BRUSSELS — The launch of a third Belgian channel by commercial broadcaster RTL-Viis bogged down in a legal dispute that could threaten the channel’s existence.
At the heart of the dispute is a change in broadcasting regulations for Belgium’s French-speaking community that came into effect in April. The change, approved by the community’s Parliament in February 2003, took responsibility for licensing new channels away from the government and gave it to independent broadcasting regulator the CSA.
The sticking point is that RTL-Vi topper Philippe Delusinne had already obtained the government’s agreement for his projected new channel before the new rules went through, and sees no need to go through the same process again with the CSA.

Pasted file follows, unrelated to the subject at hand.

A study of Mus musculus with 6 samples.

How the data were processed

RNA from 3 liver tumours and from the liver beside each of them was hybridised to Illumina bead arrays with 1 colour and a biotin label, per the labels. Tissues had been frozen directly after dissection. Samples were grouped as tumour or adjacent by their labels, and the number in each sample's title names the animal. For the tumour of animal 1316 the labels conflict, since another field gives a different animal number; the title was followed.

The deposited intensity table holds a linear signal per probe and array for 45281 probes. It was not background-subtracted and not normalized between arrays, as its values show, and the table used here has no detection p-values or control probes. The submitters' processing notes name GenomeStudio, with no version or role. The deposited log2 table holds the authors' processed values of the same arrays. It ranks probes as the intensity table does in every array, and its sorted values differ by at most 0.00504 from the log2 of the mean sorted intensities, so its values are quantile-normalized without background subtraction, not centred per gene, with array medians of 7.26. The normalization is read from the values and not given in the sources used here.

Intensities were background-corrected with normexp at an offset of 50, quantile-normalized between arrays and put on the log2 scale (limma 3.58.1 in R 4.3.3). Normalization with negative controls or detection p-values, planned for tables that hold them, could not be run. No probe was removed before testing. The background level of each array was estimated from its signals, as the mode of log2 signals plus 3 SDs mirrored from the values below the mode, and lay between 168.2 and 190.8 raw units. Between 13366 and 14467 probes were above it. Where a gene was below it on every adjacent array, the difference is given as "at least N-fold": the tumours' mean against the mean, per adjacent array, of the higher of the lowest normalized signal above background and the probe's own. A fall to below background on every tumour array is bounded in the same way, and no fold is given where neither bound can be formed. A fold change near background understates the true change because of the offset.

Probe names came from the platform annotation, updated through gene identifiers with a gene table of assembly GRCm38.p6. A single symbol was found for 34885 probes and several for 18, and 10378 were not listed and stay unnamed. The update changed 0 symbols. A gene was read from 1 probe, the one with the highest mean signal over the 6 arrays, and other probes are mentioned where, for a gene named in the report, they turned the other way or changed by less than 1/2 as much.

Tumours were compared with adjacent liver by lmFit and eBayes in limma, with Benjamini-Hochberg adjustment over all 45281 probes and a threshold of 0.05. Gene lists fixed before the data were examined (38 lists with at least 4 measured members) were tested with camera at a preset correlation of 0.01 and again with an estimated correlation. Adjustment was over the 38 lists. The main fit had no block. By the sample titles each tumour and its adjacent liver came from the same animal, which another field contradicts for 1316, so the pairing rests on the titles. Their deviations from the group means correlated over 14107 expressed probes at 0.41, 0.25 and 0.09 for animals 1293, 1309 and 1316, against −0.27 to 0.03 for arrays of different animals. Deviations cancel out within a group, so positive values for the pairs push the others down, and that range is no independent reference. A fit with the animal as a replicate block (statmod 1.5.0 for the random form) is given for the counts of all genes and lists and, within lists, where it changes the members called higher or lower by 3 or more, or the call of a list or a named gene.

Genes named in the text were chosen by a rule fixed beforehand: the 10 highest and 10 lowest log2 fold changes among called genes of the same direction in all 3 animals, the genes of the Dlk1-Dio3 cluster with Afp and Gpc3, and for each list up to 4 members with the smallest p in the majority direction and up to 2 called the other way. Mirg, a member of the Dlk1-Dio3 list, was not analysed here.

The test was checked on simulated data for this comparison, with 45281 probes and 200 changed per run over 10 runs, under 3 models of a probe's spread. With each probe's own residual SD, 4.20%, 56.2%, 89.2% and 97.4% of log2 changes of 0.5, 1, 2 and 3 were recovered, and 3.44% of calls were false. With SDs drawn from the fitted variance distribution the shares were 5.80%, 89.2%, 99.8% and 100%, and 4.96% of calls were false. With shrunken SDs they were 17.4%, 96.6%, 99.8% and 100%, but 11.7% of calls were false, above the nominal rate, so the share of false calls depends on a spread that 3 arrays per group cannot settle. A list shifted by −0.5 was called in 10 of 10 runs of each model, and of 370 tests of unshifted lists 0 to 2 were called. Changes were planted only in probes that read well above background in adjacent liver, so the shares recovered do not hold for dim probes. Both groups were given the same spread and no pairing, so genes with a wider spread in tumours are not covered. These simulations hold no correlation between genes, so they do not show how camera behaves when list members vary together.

The CSA, keen to assert its authority, does not see things that way. The result has been a bitter standoff between the two sides, with CSA president Evelyne Lentzen threatening to go to the highest court in the land, the Conseil d’Etat, to prevent the channel from being launched.
Negotiations are underway among Delusinne; Lentzen; and the French community’s minister for audiovisual affairs, Daniel Ducarme, to find a way out of the impasse. After the latest meeting, held Jan. 7, Ducarme said he had passed the government’s authorization of the channel over to the CSA for ratification.
RTL-Vi has so far been tight-lipped about the channel, confirming only that it is due to launch in February or March this year and will be aimed at the 15-34 age group. Unless the dispute can be resolved, the French-speaking part of Belgium looks set to get more than its fair share of disaffected youngsters in the months to come.